By Chris Lane
By Jeff Balke
By Aaron Reiss
By Angelica Leicht
By Dianna Wray
By Aaron Reiss
By Camilo Smith
By Craig Malisow
I saw fewer wrecked cars in Houston than in Iceland, but then I lived inside the Loop and rarely had to drive on the freeways, and practically never at rush hour. A lot of fatalities in Iceland occur when big-tired Jeeps and family compacts crash head-on.
As for looking for the other driver, in winter drivers wipe snow from just a small part of their windshield and back window. Count yourselves lucky not to have snow in Houston, or very rarely.
So, you see, Houstonians are not alone. Safe and happy driving.
Spyder man: I want to praise your article on a subject that should get more attention in the media in general.
I drive in Kingwood/Atascocita for a local pest control company, and the driving practices I see scare the hell out of me. That simple courtesy of the "fast lane" that people seem to have forgotten so easily is a perfect example of the problem. There's no respect for the other guy, with the arrogance of the "I'll do what I want" attitude.
And of course, the worst drivers always seem to be driving the biggest vehicles that, ironically, are sometimes purchased for their protection while becoming a major threat to others' safety. I drive a Mitsubishi Eclipse Spyder convertible, and the thought of a collision with one of these behemoths makes me feel as vulnerable as a beer can in a recycling center.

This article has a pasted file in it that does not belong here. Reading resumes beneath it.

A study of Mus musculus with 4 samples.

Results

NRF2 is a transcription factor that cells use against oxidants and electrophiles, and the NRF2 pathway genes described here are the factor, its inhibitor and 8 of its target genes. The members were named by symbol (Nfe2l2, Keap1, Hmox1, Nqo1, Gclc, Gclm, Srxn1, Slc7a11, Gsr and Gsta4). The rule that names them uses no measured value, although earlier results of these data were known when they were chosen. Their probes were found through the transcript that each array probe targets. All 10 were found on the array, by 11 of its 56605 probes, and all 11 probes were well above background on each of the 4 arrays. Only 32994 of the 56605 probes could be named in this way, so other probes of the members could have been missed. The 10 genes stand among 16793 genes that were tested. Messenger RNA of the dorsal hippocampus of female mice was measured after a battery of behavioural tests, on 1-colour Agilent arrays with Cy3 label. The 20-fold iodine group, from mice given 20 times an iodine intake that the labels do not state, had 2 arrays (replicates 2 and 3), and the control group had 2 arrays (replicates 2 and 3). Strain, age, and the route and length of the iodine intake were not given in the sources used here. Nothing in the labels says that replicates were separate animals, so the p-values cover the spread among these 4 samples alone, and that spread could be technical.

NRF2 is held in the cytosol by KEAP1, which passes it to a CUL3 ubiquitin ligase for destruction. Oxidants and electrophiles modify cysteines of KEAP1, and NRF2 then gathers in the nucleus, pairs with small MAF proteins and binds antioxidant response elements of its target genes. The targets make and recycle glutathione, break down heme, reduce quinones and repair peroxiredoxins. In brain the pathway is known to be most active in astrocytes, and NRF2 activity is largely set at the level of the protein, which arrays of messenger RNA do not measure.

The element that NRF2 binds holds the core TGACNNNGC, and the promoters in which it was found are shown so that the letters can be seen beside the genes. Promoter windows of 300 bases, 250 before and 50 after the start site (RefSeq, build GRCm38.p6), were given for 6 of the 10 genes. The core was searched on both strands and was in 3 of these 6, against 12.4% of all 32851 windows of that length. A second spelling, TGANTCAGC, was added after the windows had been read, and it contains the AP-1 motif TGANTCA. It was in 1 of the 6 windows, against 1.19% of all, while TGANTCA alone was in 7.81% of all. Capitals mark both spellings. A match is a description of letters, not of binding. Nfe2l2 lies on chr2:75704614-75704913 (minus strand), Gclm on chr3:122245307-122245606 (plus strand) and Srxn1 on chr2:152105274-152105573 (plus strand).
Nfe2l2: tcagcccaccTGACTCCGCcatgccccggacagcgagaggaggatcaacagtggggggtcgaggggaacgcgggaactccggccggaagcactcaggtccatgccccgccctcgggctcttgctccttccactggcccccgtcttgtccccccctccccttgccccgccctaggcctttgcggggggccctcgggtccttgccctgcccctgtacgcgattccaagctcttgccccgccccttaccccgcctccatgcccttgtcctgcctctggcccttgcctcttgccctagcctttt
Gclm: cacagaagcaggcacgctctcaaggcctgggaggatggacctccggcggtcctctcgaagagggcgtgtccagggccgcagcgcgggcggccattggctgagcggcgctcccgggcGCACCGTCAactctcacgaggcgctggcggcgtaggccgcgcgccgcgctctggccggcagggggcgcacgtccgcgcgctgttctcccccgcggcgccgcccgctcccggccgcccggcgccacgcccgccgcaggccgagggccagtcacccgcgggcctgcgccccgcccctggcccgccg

Someone needs to stand up and scream at the whole city: "Going slow? Move the hell to the right!" so I don't have to do it on a daily basis.
Risky business: While I sympathize with the family ["Flesh-Eating Oysters," by George Flynn, March 14], this is another example of a belief in a risk-free life that plaintiff's attorneys see through "benjamin"-colored glasses.
Eating raw oysters is a risk knowingly taken by party-loving humankind on a daily basis. When bacteria kill a man who has a pre-existingcondition that makes such a death possible, it is the human who is responsible. The family knew he could get sick from eating raw oysters based on the wife's experience, yet he ordered them anyway.
Now the lawyer says the restaurant killed this guy? What is supposed to change because the family of a barber has disproportionate wealth transferred to it by a seafood restaurant and its supply chain? What a bunch of bullshit.
Fry or die? As a seafood lover (no sex involved), I can understand the appetite for raw oysters. Also, I think or say one thing when I see someone eating them: dumbass. Don't blame me for my stupid actions, the lawsuit seems to say.
Everyone knows of the possible dangers of poisoning from raw oysters but thinks it will never happen to them. Wake up. It's like someone overdosing on drugs, drinking and driving, or smoking; they know better beforehand but do it anyway. Eating a delicacy is not worth a life, no matter how small the risk. If you're ill, it's even more ridiculous.
Besides, oysters taste great fried. Better alive to eat them fried than dead, never again to taste the oyster bed (I'm a lame poet). Good article.